Department defends management of Fraser fire disaster
HOT weather, strong winds and "highly flammable" vegetation types all contributed a situation in which the wildfire on Fraser Island proved almost impossible to combat.
That is according to a spokesman from the Department of Environment and Science, who said the fact that K'gari was a sand island and didn't hold moisture as efficiently as the mainland also added to the challenge of fighting the blaze.
The blaze is believed to have been started by an illegal campfire.
More than a million litres of saltwater and gel have been dropped on the fire since Saturday.
"While the use of saltwater is not ideal, there is little residual impact and presents as the most readily available water source in aerial attacks," the spokesman said.
"The impacts from saltwater also need to be evaluated against the impacts of the fire's continuation."
The spokesman said Queensland Parks and Wildlife Service responded immediately to the wildfire but early attempts to conduct back-burns within days after the fire commenced proved difficult and unsuccessful due to strong dry northerly weather conditions and the highly flammable vegetation types.
"QPWS has conducted significant fire mitigation on K'gari, with planned burns averaging approximately 13,000 hectares per year over the last five years.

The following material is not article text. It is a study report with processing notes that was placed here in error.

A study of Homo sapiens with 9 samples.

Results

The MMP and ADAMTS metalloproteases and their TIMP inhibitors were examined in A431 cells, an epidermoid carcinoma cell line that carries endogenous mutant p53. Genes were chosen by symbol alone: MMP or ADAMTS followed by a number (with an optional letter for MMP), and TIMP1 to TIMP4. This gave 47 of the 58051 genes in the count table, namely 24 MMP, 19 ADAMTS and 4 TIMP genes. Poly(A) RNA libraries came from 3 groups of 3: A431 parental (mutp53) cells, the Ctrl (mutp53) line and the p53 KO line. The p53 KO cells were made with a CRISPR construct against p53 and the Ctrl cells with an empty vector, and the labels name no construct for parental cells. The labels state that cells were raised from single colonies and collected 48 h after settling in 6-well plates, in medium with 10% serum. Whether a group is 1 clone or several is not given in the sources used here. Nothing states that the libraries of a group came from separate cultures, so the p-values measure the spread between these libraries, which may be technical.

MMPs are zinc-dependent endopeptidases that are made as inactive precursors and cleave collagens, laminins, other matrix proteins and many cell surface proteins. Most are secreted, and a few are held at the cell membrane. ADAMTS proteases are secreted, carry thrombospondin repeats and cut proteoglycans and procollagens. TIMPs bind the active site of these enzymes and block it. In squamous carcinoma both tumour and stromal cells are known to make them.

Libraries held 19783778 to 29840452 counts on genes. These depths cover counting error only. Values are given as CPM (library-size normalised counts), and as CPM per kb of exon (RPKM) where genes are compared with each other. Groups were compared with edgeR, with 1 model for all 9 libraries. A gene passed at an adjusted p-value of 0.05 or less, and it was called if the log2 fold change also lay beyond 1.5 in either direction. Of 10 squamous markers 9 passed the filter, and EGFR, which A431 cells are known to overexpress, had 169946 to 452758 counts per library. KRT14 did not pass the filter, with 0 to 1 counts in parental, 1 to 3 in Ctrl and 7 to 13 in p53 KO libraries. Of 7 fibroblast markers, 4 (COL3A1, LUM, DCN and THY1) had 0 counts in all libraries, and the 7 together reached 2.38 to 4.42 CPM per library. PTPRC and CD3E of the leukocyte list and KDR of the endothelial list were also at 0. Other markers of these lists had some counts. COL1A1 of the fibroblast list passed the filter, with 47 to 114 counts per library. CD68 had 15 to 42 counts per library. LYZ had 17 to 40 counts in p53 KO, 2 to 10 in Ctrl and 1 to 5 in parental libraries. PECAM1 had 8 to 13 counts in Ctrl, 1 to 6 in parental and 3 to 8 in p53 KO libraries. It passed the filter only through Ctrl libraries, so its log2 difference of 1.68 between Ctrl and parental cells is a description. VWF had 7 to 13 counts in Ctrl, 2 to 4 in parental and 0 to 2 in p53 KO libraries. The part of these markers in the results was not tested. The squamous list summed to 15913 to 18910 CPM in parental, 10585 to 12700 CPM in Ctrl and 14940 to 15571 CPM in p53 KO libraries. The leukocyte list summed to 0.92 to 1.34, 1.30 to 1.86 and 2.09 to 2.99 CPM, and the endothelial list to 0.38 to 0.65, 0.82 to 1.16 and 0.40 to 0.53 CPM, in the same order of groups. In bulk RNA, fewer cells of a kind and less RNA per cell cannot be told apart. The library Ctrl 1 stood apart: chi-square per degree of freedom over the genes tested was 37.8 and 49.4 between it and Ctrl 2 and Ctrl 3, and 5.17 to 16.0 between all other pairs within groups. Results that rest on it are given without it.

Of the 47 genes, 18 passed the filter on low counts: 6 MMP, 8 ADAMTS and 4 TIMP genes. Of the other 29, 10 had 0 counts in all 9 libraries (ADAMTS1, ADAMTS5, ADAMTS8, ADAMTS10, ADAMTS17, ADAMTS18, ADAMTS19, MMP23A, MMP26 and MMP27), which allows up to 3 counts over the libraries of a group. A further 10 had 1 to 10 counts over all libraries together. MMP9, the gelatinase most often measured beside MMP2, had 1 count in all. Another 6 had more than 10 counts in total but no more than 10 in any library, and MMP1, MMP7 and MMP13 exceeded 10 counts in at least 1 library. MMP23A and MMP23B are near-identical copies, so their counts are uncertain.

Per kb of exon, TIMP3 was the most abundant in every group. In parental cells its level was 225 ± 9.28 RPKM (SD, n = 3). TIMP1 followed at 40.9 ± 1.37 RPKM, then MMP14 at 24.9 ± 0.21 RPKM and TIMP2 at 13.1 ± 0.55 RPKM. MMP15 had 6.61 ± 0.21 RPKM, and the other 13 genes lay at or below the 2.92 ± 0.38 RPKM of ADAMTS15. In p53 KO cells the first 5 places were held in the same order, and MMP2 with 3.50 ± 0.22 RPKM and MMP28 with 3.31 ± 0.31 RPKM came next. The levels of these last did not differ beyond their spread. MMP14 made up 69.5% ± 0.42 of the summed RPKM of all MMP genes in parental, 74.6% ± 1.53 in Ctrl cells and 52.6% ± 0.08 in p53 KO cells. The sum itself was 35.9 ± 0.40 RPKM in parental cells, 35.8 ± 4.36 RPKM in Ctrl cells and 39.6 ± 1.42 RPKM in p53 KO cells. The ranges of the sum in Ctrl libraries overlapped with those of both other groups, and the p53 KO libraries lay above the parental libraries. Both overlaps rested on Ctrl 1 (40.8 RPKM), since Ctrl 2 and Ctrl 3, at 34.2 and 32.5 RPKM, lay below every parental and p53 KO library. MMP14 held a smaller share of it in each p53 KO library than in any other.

"It is important to remember that while the fire has been burning for some time, for most of that period it has been in remote and inaccessible parts of the island and burning at lower intensities, creating a mosaic of burnt and unburnt country.
"QPWS has undertaken significant fire mitigation measures on K'gari, including planned burns for asset protection and maintenance on strategic fire lines.
"Despite this, it cannot combat the fire inducing effects of prolonged periods of hot, dry and windy weather conditions."
The spokesman said several factors including hot, dry and windy conditions had reduced the effectiveness of firefighting efforts that have been ongoing on the island.
"Campers across Queensland need to take responsibility for putting out fires properly to save lives, property and the environment," he said.